The tranquil Civil War frame home amid giant oaks buffered from the main highway by towering fir and spruce trees seems an unlikely candidate for a land-use debate.
The tree-lined narrow lane leading to Merryhill is reminiscent of old roads leading to southern plantation homes. The road leads to a house that almost allows its visitors to go back in time to the days when that main road -- Dolley Madison Boulevard -- was a path, not a commuter artery leading from the affluent Northern Virginia suburbs to Chain Bridge.
Merryhill is built on the foundations of an even older home in which Dolley Madison supposedly watched Washington burn during the revolution. That house was burned during the Civil War because its owners were sympathetic to the South, according to local folklore.
Merryhill is being sold to developers who want to surround it with town houses on its four-acre site. The McLean Citizens Association said the plan "saves the house in name only" and voted to oppose plans put forth by developers Skip Costan and Skip Galt. This week project attorney Frank McDermott, of Hazel, Beckhorn and Hanes, said the developers have decided to reduce the number of town houses from 30 to 20 to gain support for the town-house project.
Several local builders said they thought the house itself might sell for as much as the property might bring subdivided if the right buyer could be found. Another suggested keeping the house on two acres and building three new expensive homes like those being built on the former grounds of the Ballantrae estate on the opposite side of Dolley Madison north of Merryhill.
The Merryhill house is directly across from Salona, the historic home of Virginia State Sen. Clive Duval, and adjacent to the exclusive Madison of McLean town-house development that Galt's mother, Sally Feeley, helped design.
The McLean citizens group said it is worried that construction of town houses around Merryhill could set a precedent for the future of land at Salona. But proponents said Dolley Madison Boulevard is a sufficient buffer against similar development on that site, which currently is considered agricultural land by Fairfax County.
Merryhill has been home to Mary Leigh Robeson, who, with her late husband, Stuart, raised their family at the house surrounded by shrubs, boxwoods and giant old trees. The Robesons moved to Merryhill in 1948.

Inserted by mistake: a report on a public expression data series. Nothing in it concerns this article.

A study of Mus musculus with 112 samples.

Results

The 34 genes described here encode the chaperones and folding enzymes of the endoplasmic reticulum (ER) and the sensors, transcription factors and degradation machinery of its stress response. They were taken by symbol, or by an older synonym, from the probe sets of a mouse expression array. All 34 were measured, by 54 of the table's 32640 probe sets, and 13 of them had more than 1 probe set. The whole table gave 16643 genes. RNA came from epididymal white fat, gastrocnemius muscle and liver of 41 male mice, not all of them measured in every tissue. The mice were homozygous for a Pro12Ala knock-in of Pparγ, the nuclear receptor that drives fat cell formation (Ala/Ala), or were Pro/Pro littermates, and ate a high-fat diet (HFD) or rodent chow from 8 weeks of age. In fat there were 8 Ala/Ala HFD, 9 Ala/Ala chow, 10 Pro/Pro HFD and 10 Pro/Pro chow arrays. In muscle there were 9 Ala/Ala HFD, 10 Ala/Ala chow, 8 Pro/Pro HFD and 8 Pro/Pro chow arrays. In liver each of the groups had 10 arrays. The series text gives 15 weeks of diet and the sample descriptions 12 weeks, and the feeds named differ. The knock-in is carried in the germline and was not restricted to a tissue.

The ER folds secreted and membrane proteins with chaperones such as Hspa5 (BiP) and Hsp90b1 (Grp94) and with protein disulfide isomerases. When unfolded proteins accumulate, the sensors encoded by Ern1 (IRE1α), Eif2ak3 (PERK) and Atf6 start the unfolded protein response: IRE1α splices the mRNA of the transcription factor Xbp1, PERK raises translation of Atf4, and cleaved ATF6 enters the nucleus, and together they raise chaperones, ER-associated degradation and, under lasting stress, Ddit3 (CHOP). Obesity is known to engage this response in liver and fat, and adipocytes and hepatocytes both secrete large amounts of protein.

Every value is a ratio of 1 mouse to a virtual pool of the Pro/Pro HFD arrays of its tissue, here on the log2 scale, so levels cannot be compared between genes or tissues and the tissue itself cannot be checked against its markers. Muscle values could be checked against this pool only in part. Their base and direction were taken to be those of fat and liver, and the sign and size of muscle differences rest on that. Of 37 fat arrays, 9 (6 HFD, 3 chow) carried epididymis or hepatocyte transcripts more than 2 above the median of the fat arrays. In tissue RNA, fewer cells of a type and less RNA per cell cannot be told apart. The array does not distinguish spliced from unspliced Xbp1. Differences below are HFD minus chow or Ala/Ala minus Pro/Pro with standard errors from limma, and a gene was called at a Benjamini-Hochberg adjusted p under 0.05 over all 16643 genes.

Although she says the time has come to sell, she's not going to let the house be torn down. Nor does she want the setting disturbed any more than necessary. She met with many agents and developers before agreeing to sell to Galt and Costan.
Covenants guaranteeing maintenance of the house as a residence will be part of the development package, Costan said.
"I can't take care of all this any more," Robeson said, leading the way up to the third floor of the house along an elegant old staircase with wood rails that shine as if they were polished just a few hours ago. The house is just too big for her and her grown sons.
Merryhill is a treasure for those who love old homes with features such as random-width pine floors, wood mantles, elegant staircases, antique fixtures and double parlor first-floor rooms. Brick walkways, reminiscent of Williamsburg, are surrounded by traditional boxwoods and dogwood trees under oaks that are at least two feet in diameter.
In summer, a side porch is filled with antique wicker furniture. On the walls of the laundry room hang old wooden kitchen tools. Antique glassware, original doors and original hardware are proudly displayed, and a second-story porch casts a certain grace over the entire house.
But Merryhill became too big for the Robeson family after Stuart, once a Washington lawyer, died last June. Over the years, Stuart and Mary Robeson watched McLean change from a country crossroads to a booming suburb between the Central Intelligence Agency and Tysons Corner.
They named their home Merryhill because of the "job and cheer" generated in the house by the children and their friends at Christmas time, Robeson recalled this week as she sat in what is now a den. The room most likely was a music room when the house was built at the end of the Civil War by the John Madison Shafer family, which moved to the McLean area from Loudoun County. That family rebuilt the burned house and called it Chestnut Hill.
Selling the house "is not a happy decision but a practical one," Robeson said. "My husband said it would be the hardest thing he would ever have had to do, to turn the key in the lock and drive down the driveway for the last time," she said.
Like many older Americans giving up their homes, Robeson is not sure where she will move. It is hard to find accommodations near home. She doesn't want a lot of space but wants a place big enough to take at least some of her treasures with her. There is little in the McLean area to meet her needs, and she wants to stay close to shopping, restaurants and public transportation.
Mary Leigh Robeson's maiden name, Leigh, is one that dominates Great Falls history. She is a descendant of Dr. Alfred Leigh, who built the old Leigh House, a crumbling Victorian gem in Great Falls that citizens are trying to save. She is the granddaughter of another Great Falls area doctor, William Benjamin Day.
She grew up on what is now Route 7 near Towlston Road. She remembers when Tysons Corner was the place "where the road got flat and you could really let your car go.